The Department of Trade and Industry has offered the US car giant incentives to locate a pounds 600m production line for its new mid- range Jaguar, the X200, in Britain.
The plant could create more than 10,000 jobs and the aid package under discussion is thought to be worth more than pounds 50m, one of the largest in recent years.
However, the European Commission warned yesterday that if successful the proposal would be closely scrutinised in Brussels and might well fall foul of the European Union's increasingly tough anti-state subsidy rules.
State handouts are restricted under Article 85 of the Treaty of Rome. The Commission can grant dispensation under special circumstances, but a spokesman for the Commission signalled that that the new plant was unlikely to qualify.
'That is only usually done in the context of restructuring a company close to collapse to protect jobs and keep the company going,' the spokesman said.
Michael Heseltine, President of the Board of Trade, would face a tough struggle to gain an exception to help a profitable American company fund a new production line, he added. 'What justification would he have to put state money into Ford?'
The aid is vital, however, if Ford is to be persuaded to build the plant in the UK. Alex Trotman, Ford's chairman, recently made it clear that he would site the new production facilities in the US unless the UK could match the generous incentives on offer there.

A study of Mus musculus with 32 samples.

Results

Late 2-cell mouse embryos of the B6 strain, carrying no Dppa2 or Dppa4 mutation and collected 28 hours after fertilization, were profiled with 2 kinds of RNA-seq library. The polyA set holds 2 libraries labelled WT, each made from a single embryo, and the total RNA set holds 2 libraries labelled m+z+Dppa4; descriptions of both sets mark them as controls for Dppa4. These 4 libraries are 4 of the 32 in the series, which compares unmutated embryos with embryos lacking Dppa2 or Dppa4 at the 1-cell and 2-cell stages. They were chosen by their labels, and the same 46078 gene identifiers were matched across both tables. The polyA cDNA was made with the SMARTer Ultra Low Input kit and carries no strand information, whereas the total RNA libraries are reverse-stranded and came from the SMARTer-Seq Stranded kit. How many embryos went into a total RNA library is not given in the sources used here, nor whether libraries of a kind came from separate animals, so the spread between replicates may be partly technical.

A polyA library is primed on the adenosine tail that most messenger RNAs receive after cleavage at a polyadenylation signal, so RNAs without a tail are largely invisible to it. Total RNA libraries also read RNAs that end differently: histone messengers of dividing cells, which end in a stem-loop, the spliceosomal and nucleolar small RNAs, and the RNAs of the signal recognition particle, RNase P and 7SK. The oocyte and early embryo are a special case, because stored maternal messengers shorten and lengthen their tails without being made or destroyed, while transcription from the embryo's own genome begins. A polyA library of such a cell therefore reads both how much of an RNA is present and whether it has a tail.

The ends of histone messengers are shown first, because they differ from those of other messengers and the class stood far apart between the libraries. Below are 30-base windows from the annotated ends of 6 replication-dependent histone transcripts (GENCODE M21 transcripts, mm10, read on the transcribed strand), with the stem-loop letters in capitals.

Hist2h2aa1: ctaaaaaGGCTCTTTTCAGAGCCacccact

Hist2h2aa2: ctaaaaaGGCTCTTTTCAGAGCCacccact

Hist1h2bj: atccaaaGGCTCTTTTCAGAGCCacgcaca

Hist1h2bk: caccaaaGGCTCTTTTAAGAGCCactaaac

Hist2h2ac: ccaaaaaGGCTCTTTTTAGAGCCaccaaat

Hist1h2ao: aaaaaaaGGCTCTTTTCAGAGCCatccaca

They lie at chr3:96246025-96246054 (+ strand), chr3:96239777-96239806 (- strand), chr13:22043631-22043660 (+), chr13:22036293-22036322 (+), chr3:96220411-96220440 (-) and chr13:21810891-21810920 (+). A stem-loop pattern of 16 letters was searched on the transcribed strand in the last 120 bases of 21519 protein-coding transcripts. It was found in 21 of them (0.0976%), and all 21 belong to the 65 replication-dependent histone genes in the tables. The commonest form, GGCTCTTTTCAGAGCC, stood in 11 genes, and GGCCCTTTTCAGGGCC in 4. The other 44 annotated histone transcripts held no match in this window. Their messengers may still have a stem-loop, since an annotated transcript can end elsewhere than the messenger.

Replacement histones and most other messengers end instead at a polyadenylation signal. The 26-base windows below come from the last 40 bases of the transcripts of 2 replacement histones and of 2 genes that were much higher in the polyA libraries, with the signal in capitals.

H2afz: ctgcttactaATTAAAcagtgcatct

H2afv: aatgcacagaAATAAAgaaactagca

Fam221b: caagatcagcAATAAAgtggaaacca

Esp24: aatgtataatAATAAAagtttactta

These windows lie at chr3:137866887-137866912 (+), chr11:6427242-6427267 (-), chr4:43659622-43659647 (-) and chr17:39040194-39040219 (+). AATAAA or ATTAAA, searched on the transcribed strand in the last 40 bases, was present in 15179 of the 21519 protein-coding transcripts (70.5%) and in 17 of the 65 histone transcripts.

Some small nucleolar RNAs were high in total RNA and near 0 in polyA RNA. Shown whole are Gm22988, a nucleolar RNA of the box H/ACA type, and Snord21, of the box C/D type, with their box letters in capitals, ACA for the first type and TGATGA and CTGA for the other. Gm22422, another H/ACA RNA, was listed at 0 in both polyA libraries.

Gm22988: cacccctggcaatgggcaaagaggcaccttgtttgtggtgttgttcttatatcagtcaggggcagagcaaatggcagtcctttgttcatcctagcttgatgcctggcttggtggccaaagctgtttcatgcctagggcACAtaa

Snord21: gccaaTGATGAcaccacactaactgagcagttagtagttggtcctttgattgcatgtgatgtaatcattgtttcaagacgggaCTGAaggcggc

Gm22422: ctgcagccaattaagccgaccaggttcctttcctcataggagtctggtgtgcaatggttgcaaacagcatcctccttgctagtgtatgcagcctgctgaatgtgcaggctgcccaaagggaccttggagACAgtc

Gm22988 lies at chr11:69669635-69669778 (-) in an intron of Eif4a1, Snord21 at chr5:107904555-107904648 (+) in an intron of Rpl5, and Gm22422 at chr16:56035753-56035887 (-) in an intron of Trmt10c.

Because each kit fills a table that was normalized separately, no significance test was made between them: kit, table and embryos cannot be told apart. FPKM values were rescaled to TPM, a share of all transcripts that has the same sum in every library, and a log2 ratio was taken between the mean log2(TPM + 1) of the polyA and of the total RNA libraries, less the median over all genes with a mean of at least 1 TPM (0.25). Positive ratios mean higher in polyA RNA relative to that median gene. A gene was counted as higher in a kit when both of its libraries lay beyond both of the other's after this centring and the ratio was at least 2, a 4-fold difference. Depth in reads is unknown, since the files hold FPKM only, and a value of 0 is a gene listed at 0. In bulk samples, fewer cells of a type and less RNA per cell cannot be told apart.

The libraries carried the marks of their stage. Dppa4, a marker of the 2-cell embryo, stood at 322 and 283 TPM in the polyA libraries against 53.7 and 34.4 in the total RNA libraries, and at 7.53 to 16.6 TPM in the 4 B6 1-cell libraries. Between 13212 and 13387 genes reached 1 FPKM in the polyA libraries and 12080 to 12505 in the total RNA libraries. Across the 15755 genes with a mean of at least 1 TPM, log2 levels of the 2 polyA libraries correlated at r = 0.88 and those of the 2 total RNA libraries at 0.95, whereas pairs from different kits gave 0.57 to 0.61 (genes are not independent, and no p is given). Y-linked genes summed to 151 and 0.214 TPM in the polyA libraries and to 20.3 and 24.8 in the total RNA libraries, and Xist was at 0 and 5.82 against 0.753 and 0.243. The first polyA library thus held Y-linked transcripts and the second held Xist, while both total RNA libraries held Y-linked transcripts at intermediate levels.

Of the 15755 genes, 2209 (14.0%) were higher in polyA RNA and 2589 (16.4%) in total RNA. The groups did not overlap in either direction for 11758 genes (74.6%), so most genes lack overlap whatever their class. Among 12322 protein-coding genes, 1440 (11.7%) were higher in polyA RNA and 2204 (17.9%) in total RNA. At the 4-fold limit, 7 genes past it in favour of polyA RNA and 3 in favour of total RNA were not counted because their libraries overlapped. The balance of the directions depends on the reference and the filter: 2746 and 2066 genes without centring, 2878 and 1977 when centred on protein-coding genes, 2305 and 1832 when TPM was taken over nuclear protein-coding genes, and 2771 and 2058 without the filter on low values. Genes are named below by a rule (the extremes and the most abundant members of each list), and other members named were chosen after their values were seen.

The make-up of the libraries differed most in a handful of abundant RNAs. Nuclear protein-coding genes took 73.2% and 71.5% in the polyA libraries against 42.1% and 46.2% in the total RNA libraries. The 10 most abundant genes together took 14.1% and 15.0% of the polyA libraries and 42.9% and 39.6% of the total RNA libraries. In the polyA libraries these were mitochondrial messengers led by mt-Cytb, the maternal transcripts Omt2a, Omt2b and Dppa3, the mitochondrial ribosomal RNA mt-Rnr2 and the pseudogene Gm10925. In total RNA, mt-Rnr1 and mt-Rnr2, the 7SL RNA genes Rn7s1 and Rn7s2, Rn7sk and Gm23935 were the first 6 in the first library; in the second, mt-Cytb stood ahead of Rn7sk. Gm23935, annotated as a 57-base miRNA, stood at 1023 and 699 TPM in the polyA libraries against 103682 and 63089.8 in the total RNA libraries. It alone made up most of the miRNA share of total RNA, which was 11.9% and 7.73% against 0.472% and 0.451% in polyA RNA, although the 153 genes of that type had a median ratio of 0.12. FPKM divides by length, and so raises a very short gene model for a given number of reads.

If the Commission were to block the aid, it would prompt a bitter row, given that only three months ago it authorised a a Fr20bn ( pounds 2.4bn) capital injection for Air France, the loss-making carrier, by the French government.
That decision caused outrage in Westminster. A spokesman for the UK Department of Transport said he did not believe the Air France aid was compatible with the Treaty of Rome. British Airways and British Midland voiced their determination to fight the Commission's decision in the European Court of Justice.
Karel van Miert, the Commissioner responsible for competition policy, who will scrutinise the proposal, was also responsible a year ago for forcing British Aerospace to repay pounds 57m of sweetners it received when Lord Young clinched the sale to it of the Rover car group in 1988.
Tory MPs predicted the Ford plans would cause a furore at this week's Conservative party conference in Bournemouth, where Mr Heseltine will lead the debate on trade, industry and energy.
Some MPs, however, disapprove strongly of Mr Heseltine's interventionist approach, especially given that Ford made profits in 1993 of dollars 2.5bn ( pounds 1.7bn). 'I do not like to see British Government money subsidising a private venture like this,' said Dr Rhodes Boyson, Conservative MP for Brent North.
'Governments have shown bad judgement when it comes to this kind of project. They should concentrate on cutting expenditure, not raising it.'
City analysts said the Government would suffer acute embarrassment if production of one of Britain's most prestigious manufactured goods was lost to a foreign factory.
'I should think they will do everything they can to keep production in this country,' said Sandy Morris of County NatWest.